Wednesday, January 27, 2016

Banks, Romans, fashion-mongers and modernism

Banks prior to modernism all looked remarkably alike and remarkably unlike all other buildings except for government buildings. Why?

A bank building is a form of advertising -- really propaganda -- designed to entice you into giving them your precious money without any commodity to exchange. Instead of giving you anything but a promise, as soon as they get your money, they lend it to someone else whom you do not know and never will know. And they do this entirely on your faith in their respectability and stability. Until the New Deal, their respectability and stability consisted exclusively in that faith -- without that faith, they'd be empty scamming shells. So banks invest in appearances of respect and stability. And what's more stable and respectable than a Greco-Roman temple?
I'll have more to say later about Stanford White's surprising structure
Well, nothing is, but why is the Roman temple so stable-appearing? No doubt it's the empire association, its antiquity and its grandeur. But there's a more important reason that's almost too superficial to notice.

What is the characteristic architectural structure of our culture or our city? Is it the skyscraper? Which skyscraper?
The Empire State Building-Chrysler style romantic futurismo?

Or the blunt minimalism of the WTC buildings rising without any articulation upwards?

Or the precious postmodernism of the Sony Building?

Or the computer-generated Money-Is-Freedom (or is it the Freedom-Is-For-The-Moneyed) Tower that replaced the old WTC?
Or the haute couture of Gehry's tower downtown?

Truth is, we just don't have a single emblematic architecture. We're too full of fashion. Every ten years, our architecture shifts. That's not recent either. It's been shifting every decade -- sometimes more frequently -- since the 1850's at least.

Now think of Roman architecture. It's all columns, arches, domes, entablatures and grand staircases. The emblem might be the Greco-Roman temple -- classical entablature over columns with a dome behind. Why is it so easy to identify Roman architecture? Because it never changed. 500 years, half a millennium and no change.

The Romans were very different from us. They thought their culture was the greatest in the world. And, Far East Asia except, they were right. Why should they change? The notion of progress was not one they seemed to have understood at all. When Hero of Alexandria invented the steam engine in the first century, did the Romans use it to improve their wretched agriculture or speed chariots over the aquaducts, or employ them in military ventures or for digging or building or anything useful to their economy? None of those. They used the steam engine to make statues move their parts to impress the barbarians. Their lack of agricultural innovation is one reason for their collapse -- it took those ignorant, simple-minded Middle Age peasants to figure out effective crop rotation and harnessed plows. Not so ignorant and simple as it turns out.

Modernism is the opposite of Roman stability. Individualism, Enlightenment skepticism, the independence of the town-dweller, the competitive model of enterprise -- all of these promote the notion that time is change and change in time is progress. It's hard for us to think about the future without assuming it will include progress. The notion of time passing is for us a progress of sorts. Fashion is the essence of that notion bare and pure: the new is better simply because it is not the old. Fashion is little more than progress divorced from improvement.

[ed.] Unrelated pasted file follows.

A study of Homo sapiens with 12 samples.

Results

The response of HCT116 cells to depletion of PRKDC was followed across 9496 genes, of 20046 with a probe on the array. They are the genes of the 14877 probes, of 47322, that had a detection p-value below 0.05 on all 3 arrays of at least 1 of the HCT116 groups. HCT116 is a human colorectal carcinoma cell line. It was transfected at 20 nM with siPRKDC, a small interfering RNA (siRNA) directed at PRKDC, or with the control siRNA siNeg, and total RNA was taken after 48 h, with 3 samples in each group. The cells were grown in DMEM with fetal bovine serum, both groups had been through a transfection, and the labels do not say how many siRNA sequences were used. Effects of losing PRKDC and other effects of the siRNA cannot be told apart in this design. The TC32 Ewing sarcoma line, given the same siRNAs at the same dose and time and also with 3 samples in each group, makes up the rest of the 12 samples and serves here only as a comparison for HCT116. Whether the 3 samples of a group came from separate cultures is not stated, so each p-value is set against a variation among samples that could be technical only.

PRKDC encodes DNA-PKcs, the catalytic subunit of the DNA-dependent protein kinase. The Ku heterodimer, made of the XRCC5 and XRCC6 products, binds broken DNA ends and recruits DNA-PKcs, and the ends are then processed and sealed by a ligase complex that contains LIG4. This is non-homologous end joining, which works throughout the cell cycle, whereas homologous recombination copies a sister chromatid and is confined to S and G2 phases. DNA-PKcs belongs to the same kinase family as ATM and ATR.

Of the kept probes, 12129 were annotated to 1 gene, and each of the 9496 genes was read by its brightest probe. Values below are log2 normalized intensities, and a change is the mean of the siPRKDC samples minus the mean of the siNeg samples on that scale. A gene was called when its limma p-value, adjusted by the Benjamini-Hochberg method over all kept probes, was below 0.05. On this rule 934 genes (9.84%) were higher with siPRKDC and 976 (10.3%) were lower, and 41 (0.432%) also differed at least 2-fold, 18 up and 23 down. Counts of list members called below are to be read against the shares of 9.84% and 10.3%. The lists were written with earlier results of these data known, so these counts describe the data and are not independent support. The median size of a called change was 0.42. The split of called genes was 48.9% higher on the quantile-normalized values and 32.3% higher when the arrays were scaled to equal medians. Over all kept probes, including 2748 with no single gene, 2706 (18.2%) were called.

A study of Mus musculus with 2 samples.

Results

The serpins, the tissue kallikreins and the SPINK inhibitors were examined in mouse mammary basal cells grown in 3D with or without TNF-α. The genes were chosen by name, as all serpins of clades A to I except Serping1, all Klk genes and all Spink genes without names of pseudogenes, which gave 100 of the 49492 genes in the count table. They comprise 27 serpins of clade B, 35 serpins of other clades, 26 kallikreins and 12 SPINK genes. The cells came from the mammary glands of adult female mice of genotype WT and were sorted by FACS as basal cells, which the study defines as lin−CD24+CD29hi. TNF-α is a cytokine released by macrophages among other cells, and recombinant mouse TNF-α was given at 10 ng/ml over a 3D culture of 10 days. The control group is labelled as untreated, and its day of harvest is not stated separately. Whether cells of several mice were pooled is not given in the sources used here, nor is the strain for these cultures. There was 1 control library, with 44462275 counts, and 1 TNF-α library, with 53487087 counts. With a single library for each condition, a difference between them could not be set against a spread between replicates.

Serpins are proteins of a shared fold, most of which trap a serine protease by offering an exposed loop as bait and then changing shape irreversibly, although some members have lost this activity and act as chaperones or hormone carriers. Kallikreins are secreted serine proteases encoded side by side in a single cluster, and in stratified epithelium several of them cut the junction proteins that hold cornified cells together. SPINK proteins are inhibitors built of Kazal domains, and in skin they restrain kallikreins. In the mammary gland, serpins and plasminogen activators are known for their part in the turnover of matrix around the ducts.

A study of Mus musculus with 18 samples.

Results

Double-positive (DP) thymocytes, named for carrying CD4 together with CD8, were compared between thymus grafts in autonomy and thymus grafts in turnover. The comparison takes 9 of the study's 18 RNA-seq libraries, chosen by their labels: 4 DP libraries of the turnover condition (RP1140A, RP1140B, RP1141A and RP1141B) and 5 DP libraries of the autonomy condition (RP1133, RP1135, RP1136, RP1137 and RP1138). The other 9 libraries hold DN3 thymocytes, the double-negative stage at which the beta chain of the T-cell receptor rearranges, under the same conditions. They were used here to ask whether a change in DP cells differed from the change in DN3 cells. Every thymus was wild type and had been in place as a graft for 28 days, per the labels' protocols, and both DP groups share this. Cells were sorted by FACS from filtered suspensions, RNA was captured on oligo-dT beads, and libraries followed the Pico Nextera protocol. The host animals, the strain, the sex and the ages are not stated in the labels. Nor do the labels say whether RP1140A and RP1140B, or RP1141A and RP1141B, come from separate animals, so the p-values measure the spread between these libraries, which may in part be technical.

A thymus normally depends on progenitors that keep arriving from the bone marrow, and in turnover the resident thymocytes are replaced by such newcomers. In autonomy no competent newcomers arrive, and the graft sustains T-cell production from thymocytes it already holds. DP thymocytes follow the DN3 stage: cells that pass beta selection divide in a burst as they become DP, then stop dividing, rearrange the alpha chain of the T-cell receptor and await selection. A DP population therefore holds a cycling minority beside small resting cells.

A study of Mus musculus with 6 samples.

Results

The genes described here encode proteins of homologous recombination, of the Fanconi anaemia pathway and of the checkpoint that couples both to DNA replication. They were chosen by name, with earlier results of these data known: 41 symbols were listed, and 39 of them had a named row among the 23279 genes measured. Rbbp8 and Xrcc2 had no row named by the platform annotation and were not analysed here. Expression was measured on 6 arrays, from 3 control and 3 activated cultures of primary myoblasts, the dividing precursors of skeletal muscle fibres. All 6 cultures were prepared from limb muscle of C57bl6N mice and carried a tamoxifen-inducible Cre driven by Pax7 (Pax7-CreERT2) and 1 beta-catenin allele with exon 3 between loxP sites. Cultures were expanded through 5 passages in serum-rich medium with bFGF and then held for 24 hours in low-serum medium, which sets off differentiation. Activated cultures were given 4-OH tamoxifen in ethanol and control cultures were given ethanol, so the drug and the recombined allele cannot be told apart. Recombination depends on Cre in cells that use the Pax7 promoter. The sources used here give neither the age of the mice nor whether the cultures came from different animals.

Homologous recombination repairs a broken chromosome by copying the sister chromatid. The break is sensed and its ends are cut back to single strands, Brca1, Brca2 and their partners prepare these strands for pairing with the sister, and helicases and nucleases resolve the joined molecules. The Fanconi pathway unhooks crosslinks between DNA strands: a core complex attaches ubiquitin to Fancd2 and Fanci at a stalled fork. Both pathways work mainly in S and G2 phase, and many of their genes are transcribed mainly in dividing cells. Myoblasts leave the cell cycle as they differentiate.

Where does modernism get its obsession with fashion? It's a familiar story. Under feudalism, when Church, lord and serf were fixed in a rigid system, the townspeople -- craftspersons, merchants and most important, the bankers -- were independent of the structure. With the rise of these independents and their competitive commerce, they instigated the new ideology of protest, revolution and enlightenment unsettling the old and replacing with the ever new. The sciences thrived by rejecting accepted wisdom, and soon lent the industrial revolution its steam. Drafting the serfs from the land to the factory entailed a new ideology of freedom, individual rights and self-ownership. The serf must liberate himself from the lord and possess his own labor which he could sell then for a price in town. Each for his own, and everyone serving capital ownership under the model of democracy -- balancing the state through the aggregate of individual self-interests. It's as far from Roman civic duty as could be imagined. And it's no surprise that suicide shifted from the Roman expression of honor and dignity to the modern expression of anomie, depression, alienation and unbearable lonely sadness.

So it's not just the associations of empire, antiquity and grandeur, but its own stability and resistance to any fashion, which allows it to be the single emblem of an empire extended in time.

Aside from the bank, also the gov't building uses this signifier of stability but exaggerated several times. The gov't building, by its sheer size, intends to intimidate. It says, "don't even think about trying, you're a nothing in comparison with the magnificence of the state."
NY State Supreme Court, Centre St. above
The Federal Courthouse next door, right

If the function of the building is reflected in its form, what is the form that suits the residence, the tenement? It's something akin to living-room decor -- the latest artwork ornamenting the walls, something appealing but not scary or stern; a delight, charming, ingratiating and colorful. And that's exactly what you see especially in the 1890's when terra cotta let the designers loose to pour out their imaginations unfettered by stultifying principles of classicism. It didn't last long, but it changed the character of New York.

Next up: the origins of the slum in the abandonment of real estate value.